Bird, Lime Electric Scooter Injuries Are Mounting Nationwide, With Few Users Wearing Helmets: Study

As ride-sharing electric scooter services have emerged throughout the United States, a new report indicates that many riders are not adhering to safety regulations, indicating that failure to wear helmets are contributing to severe trauma and fracture injuries that have required hospitalization. 

In a study published last week in the Journal of the American Medical Association (JAMA), researchers warn that standing electronic scooter services, such as Bird and Lime, present a new injury risk nationwide, and that many of the most severe injuries and hospitalizations involve minors.

Similar to bike-sharing services, scooter services like Lime, Bird and Lime are increasingly popular among city residents, allowing individuals to easily rent electric scooters for quick transportation, using an app that allows you to scan in your driver’s license to confirm the rider is at least 18 years old. However, reports have found people under the age of 18 are still finding a way to use the scooters, and not wearing helmets.


More than 10 percent of the cases reviewed involved injuries among riders younger than 18 years of age, with much of the entire population’s injuries arising from failing to adhere to rules of wearing a helmet.

Of the 249 emergency room visits recorded, approximately 31.7 percent of patients were treated for fractures, 40.2 percent were treated for head injuries and trauma, and another 27.7 percent were treated for contusions, sprains, and lacerations without fracture or head injury.

The most common causes of the injuries were the result of falling off of the scooters (80.2 percent), collision with an object (11 percent) and being hit by a moving vehicle or object (8.8 percent). Researchers found only 10 riders were documented as wearing helmets at the time of their crash, and nearly five percent of the population were documented as intoxicated at the time of their crash on the electronic scooter.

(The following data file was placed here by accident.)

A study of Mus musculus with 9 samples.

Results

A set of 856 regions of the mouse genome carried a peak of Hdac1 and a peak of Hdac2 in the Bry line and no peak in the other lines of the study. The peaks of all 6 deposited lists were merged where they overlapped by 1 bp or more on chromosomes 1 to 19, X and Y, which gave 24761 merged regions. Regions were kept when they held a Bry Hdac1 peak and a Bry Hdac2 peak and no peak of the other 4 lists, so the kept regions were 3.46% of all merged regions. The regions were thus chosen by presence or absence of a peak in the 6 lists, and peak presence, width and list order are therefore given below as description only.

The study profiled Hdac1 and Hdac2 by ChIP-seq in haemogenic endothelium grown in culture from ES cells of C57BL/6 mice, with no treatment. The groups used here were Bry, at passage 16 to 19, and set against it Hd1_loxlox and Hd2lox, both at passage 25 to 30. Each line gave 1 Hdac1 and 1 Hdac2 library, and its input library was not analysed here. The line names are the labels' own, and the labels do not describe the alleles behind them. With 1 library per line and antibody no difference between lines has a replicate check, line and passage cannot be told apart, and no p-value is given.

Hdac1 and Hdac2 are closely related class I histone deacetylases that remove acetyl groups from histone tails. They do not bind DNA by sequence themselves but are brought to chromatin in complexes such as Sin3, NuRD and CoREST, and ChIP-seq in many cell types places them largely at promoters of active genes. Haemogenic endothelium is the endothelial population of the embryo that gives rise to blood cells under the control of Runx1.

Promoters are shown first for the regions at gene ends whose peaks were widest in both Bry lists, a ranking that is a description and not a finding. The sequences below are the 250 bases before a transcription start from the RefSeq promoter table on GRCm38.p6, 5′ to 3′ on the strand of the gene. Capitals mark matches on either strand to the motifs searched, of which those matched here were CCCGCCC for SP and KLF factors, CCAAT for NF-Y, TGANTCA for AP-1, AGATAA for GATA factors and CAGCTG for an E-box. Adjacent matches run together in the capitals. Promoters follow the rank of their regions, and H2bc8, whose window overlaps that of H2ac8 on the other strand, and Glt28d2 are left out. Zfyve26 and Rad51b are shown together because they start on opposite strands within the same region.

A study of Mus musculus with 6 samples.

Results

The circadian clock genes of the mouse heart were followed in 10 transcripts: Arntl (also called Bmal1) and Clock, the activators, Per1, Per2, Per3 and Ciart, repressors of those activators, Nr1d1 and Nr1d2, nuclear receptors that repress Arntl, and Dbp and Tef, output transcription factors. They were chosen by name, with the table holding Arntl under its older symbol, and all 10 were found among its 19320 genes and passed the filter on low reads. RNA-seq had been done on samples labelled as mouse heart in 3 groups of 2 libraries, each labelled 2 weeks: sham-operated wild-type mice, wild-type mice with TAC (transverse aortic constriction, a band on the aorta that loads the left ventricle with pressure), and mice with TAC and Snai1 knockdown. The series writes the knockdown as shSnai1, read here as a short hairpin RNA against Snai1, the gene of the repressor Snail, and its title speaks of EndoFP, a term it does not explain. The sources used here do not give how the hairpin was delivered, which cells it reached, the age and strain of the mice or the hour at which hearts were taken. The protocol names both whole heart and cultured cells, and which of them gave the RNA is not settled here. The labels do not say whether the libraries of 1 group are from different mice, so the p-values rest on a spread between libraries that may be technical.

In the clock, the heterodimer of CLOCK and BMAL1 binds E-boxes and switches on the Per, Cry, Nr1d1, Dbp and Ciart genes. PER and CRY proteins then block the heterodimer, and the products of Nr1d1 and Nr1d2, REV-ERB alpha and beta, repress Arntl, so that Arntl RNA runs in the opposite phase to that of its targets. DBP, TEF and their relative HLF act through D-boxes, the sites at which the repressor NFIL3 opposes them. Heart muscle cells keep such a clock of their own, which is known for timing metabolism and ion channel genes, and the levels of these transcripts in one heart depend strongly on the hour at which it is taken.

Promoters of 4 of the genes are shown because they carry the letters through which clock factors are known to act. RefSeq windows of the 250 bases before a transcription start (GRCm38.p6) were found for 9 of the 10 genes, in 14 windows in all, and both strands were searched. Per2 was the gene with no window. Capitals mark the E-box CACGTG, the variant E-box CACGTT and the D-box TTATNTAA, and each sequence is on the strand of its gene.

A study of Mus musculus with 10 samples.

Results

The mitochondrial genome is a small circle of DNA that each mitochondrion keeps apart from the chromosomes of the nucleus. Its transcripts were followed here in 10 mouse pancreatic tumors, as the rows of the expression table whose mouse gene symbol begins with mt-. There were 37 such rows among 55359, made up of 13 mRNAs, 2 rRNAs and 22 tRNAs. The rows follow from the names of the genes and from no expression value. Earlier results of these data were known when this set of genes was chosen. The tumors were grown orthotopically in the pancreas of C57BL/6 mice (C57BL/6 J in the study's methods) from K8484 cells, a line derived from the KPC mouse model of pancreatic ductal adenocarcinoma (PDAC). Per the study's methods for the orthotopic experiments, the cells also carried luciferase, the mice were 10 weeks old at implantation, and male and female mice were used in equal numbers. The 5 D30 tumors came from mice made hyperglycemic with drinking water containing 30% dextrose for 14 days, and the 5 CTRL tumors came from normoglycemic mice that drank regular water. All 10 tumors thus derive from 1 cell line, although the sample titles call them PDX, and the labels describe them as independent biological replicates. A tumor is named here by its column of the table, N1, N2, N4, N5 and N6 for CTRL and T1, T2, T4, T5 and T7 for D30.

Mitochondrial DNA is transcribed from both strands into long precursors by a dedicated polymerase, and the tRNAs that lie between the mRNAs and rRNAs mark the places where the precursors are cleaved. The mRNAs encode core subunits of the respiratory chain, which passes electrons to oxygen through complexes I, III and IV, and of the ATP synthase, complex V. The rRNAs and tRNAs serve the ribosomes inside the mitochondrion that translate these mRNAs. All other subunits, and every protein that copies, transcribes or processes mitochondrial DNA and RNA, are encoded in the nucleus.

There are growing concerns over the electronic scooter injury risks in cities nationwide, as the devices are not as safe as bicycles due to their instability, shorter wheelbases and smaller wheels, which may make riders vulnerable to imperfections in concrete or pavement. Along with roadway imperfections, and other possible hazards, the scooters are able to reach speeds of up to 15 miles per hour, which could cause serious injuries, especially when riders are not properly equipped with safety gear.

Since scooter ride services became popular among almost every major city in the U.S. within the last two years, hundreds of electronic scooter injury reports have surfaced, including a number of deaths nationwide.

Although riders are warned to wear helmets and take certain precautions, some have claimed the companies are negligent in failing to properly maintain the electronic scooter. Several lawsuits have been filed against the rental companies, including claims that the devices are poorly maintained, and that service agreements releasing the companies from legal liability are not enforceable.

Numerous lawsuits have been filed against scooter manufacturers including one electric scooter class-action lawsuit, accusing them of gross negligence and that the scooters are being put on the streets nationwide without adequate risk warnings, instructions or safety measures. The complaint names Bird, Lime, as well as the scooter manufacturers Segway and Xiaomi, as defendants.